Teaming up to revitalize an agricultural industry by promoting the legalization of hemp
October 13, 2017
It's not every day that a congressman from Kentucky and a farmer from Wisconsin ignite a national conversation on a specific issue. However, when it comes to industrial hemp, no two states are more historically intertwined. We once defined and dominated hemp production in this country and we are poised to do it once again, but first, a little history lesson.
Hemp has been utilized since 8,000 B.C. Early colonial settlers in America were required to grow hemp because it was vital to their everyday existence. It was considered legal tender and could be used to pay taxes. George Washington, Thomas Jefferson and John Adams grew hemp on their farms and advocated for its commercialization. Even the Declaration of Independence was drafted on hemp paper.
Kentucky was a national leader in hemp production until the early 20th century. Research and processing innovations led to Wisconsin taking the top spot into the late 1950s. However, Wisconsin growers were dependent on getting their seed from Kentucky farmers who produced the finest seed varieties worldwide.
When our supply lines were cut off from Southeast Asia after the Japanese entered World War II, the U.S. Department of Agriculture championed hemp's cultivation and use with its "Hemp for Victory" campaign. Grown extensively across the country, hemp fiber was used for rope, parachute webbing, soldiers' shoes and clothing, and various other uses to aid in the war effort. Unfortunately, a combination of cheap labor in foreign countries and regulatory stipulations in the Marihuana Act of 1937 brought an end to legal and profitable hemp production in the United States by the mid-1950s.
Understanding the past is worthwhile, but now we are looking to the future. With the passage of the 2014 farm bill, and under supervision of research universities or state departments of agriculture, states were authorized to "study the growth, cultivation, or marketing of industrial hemp." Since that time more than 30 states have passed some form of legislation legalizing this type of research, but its full-fledged production and commercialization is extremely hindered by its current designation as a Schedule 1 controlled substance.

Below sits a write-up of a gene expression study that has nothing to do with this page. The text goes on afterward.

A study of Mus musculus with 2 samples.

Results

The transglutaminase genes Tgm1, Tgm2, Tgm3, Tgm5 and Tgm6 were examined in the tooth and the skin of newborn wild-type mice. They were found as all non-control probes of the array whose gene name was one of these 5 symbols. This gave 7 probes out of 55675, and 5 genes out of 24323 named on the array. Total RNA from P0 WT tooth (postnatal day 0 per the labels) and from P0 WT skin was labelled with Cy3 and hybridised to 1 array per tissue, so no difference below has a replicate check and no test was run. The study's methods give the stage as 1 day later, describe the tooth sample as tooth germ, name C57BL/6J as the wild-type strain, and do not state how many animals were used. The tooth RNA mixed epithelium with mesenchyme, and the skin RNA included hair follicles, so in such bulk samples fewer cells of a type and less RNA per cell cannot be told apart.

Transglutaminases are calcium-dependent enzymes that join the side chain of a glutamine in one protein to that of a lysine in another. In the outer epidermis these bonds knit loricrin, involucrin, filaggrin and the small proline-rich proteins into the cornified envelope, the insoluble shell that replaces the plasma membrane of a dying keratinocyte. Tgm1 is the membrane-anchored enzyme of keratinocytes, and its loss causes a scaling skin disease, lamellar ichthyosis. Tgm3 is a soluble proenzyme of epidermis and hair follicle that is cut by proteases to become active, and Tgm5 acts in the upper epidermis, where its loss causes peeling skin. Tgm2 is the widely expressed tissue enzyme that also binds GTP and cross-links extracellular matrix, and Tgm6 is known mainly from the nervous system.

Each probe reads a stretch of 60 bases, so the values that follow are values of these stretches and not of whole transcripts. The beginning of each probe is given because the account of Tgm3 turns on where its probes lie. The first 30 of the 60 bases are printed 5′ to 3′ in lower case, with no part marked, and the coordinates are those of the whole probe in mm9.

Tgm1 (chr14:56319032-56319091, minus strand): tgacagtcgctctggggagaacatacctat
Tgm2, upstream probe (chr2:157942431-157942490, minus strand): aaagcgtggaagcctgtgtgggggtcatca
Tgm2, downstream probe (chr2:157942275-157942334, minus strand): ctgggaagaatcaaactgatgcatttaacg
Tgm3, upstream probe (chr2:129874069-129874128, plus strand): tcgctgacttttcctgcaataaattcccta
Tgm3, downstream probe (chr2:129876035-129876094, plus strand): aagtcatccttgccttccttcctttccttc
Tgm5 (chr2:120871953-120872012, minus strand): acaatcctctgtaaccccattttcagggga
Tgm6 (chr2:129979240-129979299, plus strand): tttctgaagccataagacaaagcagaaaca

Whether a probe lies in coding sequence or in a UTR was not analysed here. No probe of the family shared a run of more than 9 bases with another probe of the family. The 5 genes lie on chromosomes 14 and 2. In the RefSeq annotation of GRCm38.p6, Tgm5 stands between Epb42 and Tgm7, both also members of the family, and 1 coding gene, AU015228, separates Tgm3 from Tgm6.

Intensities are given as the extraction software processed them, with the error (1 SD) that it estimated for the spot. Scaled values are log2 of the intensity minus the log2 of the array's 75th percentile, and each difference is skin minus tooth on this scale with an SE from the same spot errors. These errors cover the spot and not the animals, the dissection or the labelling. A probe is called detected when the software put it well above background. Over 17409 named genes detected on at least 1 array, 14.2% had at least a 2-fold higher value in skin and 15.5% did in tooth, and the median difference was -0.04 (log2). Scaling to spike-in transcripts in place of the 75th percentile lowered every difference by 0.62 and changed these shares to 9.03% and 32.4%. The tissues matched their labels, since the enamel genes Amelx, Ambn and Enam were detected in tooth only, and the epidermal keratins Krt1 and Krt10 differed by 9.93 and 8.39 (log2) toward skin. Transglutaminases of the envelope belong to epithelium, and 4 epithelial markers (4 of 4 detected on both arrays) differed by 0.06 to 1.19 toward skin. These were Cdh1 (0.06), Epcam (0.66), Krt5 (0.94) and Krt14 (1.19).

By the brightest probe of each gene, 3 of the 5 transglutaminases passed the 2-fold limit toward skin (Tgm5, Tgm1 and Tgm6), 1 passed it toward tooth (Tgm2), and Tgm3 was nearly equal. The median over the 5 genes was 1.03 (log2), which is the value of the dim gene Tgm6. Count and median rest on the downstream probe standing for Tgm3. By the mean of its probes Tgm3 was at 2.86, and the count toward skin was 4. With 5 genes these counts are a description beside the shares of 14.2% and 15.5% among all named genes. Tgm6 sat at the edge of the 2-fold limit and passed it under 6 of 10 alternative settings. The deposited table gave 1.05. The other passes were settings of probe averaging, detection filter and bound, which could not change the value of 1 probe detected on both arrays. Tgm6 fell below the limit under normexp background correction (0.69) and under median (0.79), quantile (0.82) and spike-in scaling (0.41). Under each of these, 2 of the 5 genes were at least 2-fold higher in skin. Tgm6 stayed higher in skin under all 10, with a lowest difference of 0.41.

The U.S. is the only major industrialized country that cannot legally grow hemp as a crop, yet we are the largest importer of its materials with annual sales exceeding $600 million, most of it coming from Canada. This is not only a lost economic opportunity for America's farmers, but also for the hemp processing and manufacturing industries that could flourish. There is a vast market for hemp in foods and beverages, cosmetics, personal care products, nutritional supplements, textiles, paper, construction materials, supercapacitor batteries, automotive products and so much more.
As this federal legislation gains steam, Wisconsin is also moving forward to legalize the growing and processing of hemp. A large, bipartisan group of legislators, led by state Rep. Jesse Kremer and state Sen. Patrick Testin, all recognize that the state has tremendous potential in joining Kentucky on the national forefront of hemp cultivation, research and manufacturing. We urge Wisconsin residents to contact their state-elected officials to support SB 119 and AB 183.
With the backing of the American Farm Bureau Federation, the National Association of State Departments of Agriculture and the National Conference of State Legislatures, we believe we are at a tipping point as Washington, D.C., and statehouses across the country are openly accepting industrial hemp as a sustainable, eco-friendly and profitable crop. It's time for us to once again embrace our hemp heritage and revitalize a dormant industry that has incredible potential in the 21st century.
— Comer represents Kentucky's 1st Congressional District and is the primary author of the Industrial Hemp Farming Act of 2017.
Holte, a grain and beef farmer from Elk Mound, Wis., is president of the Wisconsin Farm Bureau Federation.